In an old, overgrown cemetery at the end of Sculcoates Lane rests the body of a veteran of a war long past. William Newmarch devoted 21 years of his life in defence of his country.
His headstone is decorated with a laurel wreath, rifle, bayonet and battle honours. It is a fitting memorial to a man who, when he died aged 83, would have been one of the last surviving veterans of the Napoleonic wars – the great series of conflicts that ended when British and German armies defeated France at the Battle of Waterloo in 1815.
It seems that William was one of the lucky ones, however. For research suggests that his comrades who died on the battlefield were at risk of suffering a far more gruesome afterlife.
A report of 1822, published in The Nautical Register and The London Observer, reads: “It is estimated that more than a million bushels of ‘human and inhuman bones’ were imported from the continent of Europe into the port of Hull. The neighbourhood of Leipsic, Austerlitz, Waterloo etc. where the principal battles were for some 15 or 20 years before were swept alike of the bones of the hero and the horse he rode. Thus collected from every quarter they were shipped to Hull.”
Bone-grinding firms used “steam engines and powerful machinery” to reduce to bones to powder, which was then “sold to the farmers to manure their lands”, the report adds. The bones included phosphate – a valuable fertiliser at the time.
Could this really be true? The story sounds so outlandish that some historians have questioned whether it might be an “urban myth”, or even propaganda spread by Britain’s 19th century rivals. Others are convinced, however.
In 2015, the military historian Gareth Glover told The Independent: “Bone was considered a great fertiliser in the 1830s and 40s, so companies would raid former Napoleonic battlefields to collect the bodies of fallen soldiers and horses which would then be ground down and sold on to farmers.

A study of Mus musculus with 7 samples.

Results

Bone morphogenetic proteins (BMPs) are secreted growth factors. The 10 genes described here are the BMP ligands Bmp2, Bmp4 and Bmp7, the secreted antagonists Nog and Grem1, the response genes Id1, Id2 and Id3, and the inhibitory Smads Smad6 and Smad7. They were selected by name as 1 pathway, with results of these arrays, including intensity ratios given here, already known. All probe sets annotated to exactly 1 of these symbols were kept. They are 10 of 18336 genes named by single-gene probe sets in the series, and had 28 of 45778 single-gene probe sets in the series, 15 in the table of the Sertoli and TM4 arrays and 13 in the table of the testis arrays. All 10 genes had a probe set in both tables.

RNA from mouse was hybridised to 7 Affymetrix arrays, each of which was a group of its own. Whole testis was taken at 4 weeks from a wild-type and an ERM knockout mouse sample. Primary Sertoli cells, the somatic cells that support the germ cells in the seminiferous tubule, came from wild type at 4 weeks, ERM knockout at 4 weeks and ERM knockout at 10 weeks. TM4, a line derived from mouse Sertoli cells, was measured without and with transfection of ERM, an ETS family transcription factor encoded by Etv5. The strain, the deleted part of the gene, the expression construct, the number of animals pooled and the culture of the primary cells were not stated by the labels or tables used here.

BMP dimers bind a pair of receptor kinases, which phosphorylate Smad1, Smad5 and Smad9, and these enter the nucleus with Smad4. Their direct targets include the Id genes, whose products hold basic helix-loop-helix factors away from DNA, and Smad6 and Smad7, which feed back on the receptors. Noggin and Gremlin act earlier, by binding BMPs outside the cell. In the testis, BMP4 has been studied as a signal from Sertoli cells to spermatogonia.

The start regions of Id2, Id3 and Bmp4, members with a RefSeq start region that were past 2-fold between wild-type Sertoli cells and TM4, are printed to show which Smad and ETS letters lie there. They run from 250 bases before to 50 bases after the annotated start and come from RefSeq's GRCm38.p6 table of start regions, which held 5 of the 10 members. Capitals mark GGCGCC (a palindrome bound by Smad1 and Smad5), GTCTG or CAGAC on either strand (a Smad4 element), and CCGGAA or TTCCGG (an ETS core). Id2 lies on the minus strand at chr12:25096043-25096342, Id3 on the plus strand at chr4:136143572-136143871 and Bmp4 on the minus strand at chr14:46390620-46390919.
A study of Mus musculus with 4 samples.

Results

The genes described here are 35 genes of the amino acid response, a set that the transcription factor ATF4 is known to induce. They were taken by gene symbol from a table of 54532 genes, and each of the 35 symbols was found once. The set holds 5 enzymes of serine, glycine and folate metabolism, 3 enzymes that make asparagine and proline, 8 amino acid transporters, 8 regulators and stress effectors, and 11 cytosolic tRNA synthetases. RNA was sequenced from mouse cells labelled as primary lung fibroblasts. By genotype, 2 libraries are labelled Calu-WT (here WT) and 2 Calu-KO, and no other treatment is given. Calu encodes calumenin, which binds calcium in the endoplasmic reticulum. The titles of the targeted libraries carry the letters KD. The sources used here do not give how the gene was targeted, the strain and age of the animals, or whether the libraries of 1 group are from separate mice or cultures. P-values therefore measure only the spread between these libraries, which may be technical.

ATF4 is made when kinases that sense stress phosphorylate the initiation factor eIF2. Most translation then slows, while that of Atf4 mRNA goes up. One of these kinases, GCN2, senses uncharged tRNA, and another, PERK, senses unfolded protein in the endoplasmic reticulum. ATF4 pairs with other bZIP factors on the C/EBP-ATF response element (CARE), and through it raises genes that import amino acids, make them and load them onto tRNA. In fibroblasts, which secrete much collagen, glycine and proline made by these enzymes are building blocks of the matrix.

“Dead bodies weren’t thought of in the same way back then. Unless you were very wealthy, you were thrown in a mass grave and people didn’t think much of it.”
Other 19th century reports, which can be viewed on the British Newspaper Archive, corroborate the claims. In 1890, Bell’s Weekly Messenger said “vast quantities” of bone from the battlefields of Europe were brought to Hull, with one shipment carrying the bones of “no fewer than 30,000 men”. In 1881, The Times said a vessel brought in bones from Bulgaria and among them were “portions of artillery horse gear, Oriental tobacco pipes [and] metal spoons.”
Teeth were also extracted from the dead to be made into dentures that became known as “Waterloo teeth”. The British Dental Association has several surviving sets of these false teeth in its collection.
An excellent article by Joe Turner collates many of these news reports and other evidence for the bone trade. He concludes: “The overwhelming impression from the newspaper articles and agricultural pamphlets was that [the use of human bones] it was humdrum and unremarkable.”
‘Circle of life’
Very few human skeletons have been found on the Waterloo battlefield since the years immediately following the battle, despite an estimated death toll of around 20,000. Last year, experts from the University of Glasgow suggested the bone trade was a credible explanation for why this should be.
Prof Tony Pollard, the lead author of the study, wrote: “It’s likely that an agent of a purveyor of bones would arrive at the battlefield with high expectations of securing their prize. Primary targets would be mass graves, as they would have enough bodies in them to merit the effort of digging the bones.”
While stressing it is not “case closed”, Prof Pollard and his team have been carrying out field studies at Waterloo. Last year, they uncovered “incredibly rare” new human bones and were hoping to map other suspected grave sites in an effort to confirm or disprove their hypothesis.
Another member of the team, Dr Stuart Eve, told The New European: “Of course, now we wouldn’t even think about it, but back then, fertilisers were not chemical. The things we grow, we eat, and the good stuff goes into our bones. It was the circle of life.
“It was well-known in Belgium at the time that mass graves were excavated, in fact there’s a great quote where the British are called the vampires of Europe,” he added. “Theoretically for us, finding a mass grave would be interesting, but finding an empty mass grave … that would be even more so because then we have direct evidence of this stuff actually happening.”